We've all seen those smart home devices such as the Ring doorbell, or those countless Bluetooth-enabled smart locks. We've also heard the horror stories about these devices: from the Ring doorbell's camera footage being view-able by Ring employees, to Bluetooth door locks being a bit unreliable. These devices are also usually expensive, with starting prices at $150 USD. We wanted to create an affordable smart lock that would also be free from any sort of remote interference. Therefore, LockMate was born.

What it does

LockMate uses a near-field communication breakout board, a standard servo motor, and a 16x2 LCD screen. It comes with one NFC key card that acts as a programmer key, allowing users to add up to 10 keys to the system. When a valid key card is brought close to the sensor, the servo rotates, unlocking the door. The lock will wait for a few seconds, and then rotate the servo again, locking the door. If any other NFC tag is brought close to the sensor, the LCD screen will display an error message and the lock mechanism will not be moved.

How we built it

We first started by verifying the NFC breakout board and servo motor we received were both operational. We used separate programs, each individually testing the NFC board and servo motor. After this, we began writing the code to integrate the two systems. We added the LCD screen after the lock mechanism was confirmed working, and continued testing to ensure the motor works as expected.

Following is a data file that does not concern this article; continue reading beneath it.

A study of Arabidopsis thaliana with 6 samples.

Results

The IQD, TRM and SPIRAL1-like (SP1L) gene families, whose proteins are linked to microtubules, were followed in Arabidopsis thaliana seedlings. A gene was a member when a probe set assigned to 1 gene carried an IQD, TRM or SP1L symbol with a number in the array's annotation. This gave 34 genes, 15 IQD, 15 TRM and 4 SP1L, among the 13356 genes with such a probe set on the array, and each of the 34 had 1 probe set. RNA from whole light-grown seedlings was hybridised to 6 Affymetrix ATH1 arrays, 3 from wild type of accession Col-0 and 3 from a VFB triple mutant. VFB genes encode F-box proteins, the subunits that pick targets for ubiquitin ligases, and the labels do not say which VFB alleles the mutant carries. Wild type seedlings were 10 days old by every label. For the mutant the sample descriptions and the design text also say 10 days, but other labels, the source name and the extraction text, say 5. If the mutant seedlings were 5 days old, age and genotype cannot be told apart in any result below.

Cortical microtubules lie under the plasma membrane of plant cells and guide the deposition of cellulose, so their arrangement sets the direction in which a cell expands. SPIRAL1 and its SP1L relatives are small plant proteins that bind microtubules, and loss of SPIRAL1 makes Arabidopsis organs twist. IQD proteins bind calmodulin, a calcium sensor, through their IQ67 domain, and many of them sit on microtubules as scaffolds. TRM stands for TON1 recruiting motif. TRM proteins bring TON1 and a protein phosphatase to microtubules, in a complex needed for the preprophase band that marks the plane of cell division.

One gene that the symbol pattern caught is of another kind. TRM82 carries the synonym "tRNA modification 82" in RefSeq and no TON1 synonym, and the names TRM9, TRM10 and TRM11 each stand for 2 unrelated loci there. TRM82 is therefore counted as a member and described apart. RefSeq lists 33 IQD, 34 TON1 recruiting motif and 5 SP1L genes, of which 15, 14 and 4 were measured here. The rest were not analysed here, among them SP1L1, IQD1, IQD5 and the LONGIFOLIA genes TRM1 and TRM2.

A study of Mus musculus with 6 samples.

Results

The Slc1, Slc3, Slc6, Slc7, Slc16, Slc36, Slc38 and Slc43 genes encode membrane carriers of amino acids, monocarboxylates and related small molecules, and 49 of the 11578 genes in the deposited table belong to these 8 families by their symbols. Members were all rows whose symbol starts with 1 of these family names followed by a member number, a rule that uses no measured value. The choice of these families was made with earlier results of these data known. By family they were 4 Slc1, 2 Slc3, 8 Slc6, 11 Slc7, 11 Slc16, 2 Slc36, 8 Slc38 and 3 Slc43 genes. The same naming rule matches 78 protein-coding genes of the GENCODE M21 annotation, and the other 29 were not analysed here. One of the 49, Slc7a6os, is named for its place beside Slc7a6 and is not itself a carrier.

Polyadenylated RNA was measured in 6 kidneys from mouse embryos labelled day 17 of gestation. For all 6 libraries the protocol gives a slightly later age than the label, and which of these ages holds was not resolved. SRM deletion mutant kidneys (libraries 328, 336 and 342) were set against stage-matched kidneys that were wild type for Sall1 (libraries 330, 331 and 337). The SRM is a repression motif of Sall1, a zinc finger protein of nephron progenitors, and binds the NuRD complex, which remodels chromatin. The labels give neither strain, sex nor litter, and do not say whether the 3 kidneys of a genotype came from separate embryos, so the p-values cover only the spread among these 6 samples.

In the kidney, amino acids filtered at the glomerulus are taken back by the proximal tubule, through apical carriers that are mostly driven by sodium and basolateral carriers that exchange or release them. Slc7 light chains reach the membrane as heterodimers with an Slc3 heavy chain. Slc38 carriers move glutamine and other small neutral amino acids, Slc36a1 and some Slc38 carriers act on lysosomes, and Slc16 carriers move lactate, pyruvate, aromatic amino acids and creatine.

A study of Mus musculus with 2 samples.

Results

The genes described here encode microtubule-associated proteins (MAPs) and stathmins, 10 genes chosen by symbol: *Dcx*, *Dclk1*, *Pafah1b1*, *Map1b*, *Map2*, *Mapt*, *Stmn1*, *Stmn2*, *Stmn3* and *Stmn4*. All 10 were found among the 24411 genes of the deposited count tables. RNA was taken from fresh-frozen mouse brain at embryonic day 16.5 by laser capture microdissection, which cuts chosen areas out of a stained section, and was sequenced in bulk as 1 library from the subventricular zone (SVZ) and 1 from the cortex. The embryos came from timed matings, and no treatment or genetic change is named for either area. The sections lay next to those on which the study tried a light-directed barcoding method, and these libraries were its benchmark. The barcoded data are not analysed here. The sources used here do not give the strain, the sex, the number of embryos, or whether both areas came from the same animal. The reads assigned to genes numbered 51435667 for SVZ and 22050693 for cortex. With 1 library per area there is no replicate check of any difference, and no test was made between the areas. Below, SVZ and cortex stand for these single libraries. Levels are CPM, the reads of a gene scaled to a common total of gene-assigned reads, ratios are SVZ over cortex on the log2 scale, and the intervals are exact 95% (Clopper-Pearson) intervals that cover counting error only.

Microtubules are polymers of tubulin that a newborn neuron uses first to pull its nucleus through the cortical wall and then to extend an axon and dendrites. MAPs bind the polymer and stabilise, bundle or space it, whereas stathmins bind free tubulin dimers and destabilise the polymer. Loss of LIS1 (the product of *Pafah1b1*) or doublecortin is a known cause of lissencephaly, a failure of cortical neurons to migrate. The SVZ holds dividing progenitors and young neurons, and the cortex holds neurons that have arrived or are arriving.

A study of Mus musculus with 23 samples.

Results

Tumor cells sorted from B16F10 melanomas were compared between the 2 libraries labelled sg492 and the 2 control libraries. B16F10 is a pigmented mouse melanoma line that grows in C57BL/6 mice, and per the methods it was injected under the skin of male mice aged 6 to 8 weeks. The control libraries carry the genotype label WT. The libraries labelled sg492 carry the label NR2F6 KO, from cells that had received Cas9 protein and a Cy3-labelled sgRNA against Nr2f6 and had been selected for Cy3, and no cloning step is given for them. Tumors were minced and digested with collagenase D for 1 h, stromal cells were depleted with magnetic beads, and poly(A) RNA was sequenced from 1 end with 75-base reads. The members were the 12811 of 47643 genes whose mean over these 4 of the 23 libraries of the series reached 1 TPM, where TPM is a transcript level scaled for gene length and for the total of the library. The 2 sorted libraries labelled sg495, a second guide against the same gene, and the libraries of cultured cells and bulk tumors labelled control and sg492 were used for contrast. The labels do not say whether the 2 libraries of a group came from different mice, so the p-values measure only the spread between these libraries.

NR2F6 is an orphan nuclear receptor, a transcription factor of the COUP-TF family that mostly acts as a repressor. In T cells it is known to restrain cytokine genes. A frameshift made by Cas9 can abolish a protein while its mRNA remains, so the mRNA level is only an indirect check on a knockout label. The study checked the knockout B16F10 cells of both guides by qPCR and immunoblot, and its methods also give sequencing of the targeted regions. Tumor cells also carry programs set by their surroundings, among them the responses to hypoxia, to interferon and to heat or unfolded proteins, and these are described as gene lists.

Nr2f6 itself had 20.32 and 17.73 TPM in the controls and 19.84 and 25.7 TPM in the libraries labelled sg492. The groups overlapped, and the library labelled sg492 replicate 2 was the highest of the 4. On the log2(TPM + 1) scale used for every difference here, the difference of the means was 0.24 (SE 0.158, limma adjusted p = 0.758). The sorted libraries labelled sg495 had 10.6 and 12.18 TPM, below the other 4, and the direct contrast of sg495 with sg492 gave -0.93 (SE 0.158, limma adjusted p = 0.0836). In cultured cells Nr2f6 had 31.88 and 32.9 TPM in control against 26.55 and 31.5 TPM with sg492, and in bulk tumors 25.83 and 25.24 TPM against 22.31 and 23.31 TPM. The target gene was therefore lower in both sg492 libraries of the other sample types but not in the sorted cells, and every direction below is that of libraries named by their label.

Challenges we ran into

One big challenge that we ran into was that the servo motor would continue rotating after the lock mechanism was moved to the unlock position. We contemplated switching the motor to a stepper motor, but then found a quick fix - by using the Stepper Arduino library with the servo motor, we were able to move the lock mechanism properly.

Accomplishments that we're proud of

Personally, I'm proud that we were able to get everything working. It was a little difficult, but with perseverance and hard work we accomplished our goal.

What we learned

This was our first time with embedded systems development, so we learned a ton about how Arduinos communicate with motors and other peripherals, and about electronics in general. We also learned a bit more on how the NFC standard works.

What's next for LockMate

We hope in the near future to integrate all the parts of this prototype into a fully fleshed product, with a target price of about $70-$80 USD. We'd like to either update the current servo motor, or completely swap it out for a solenoid.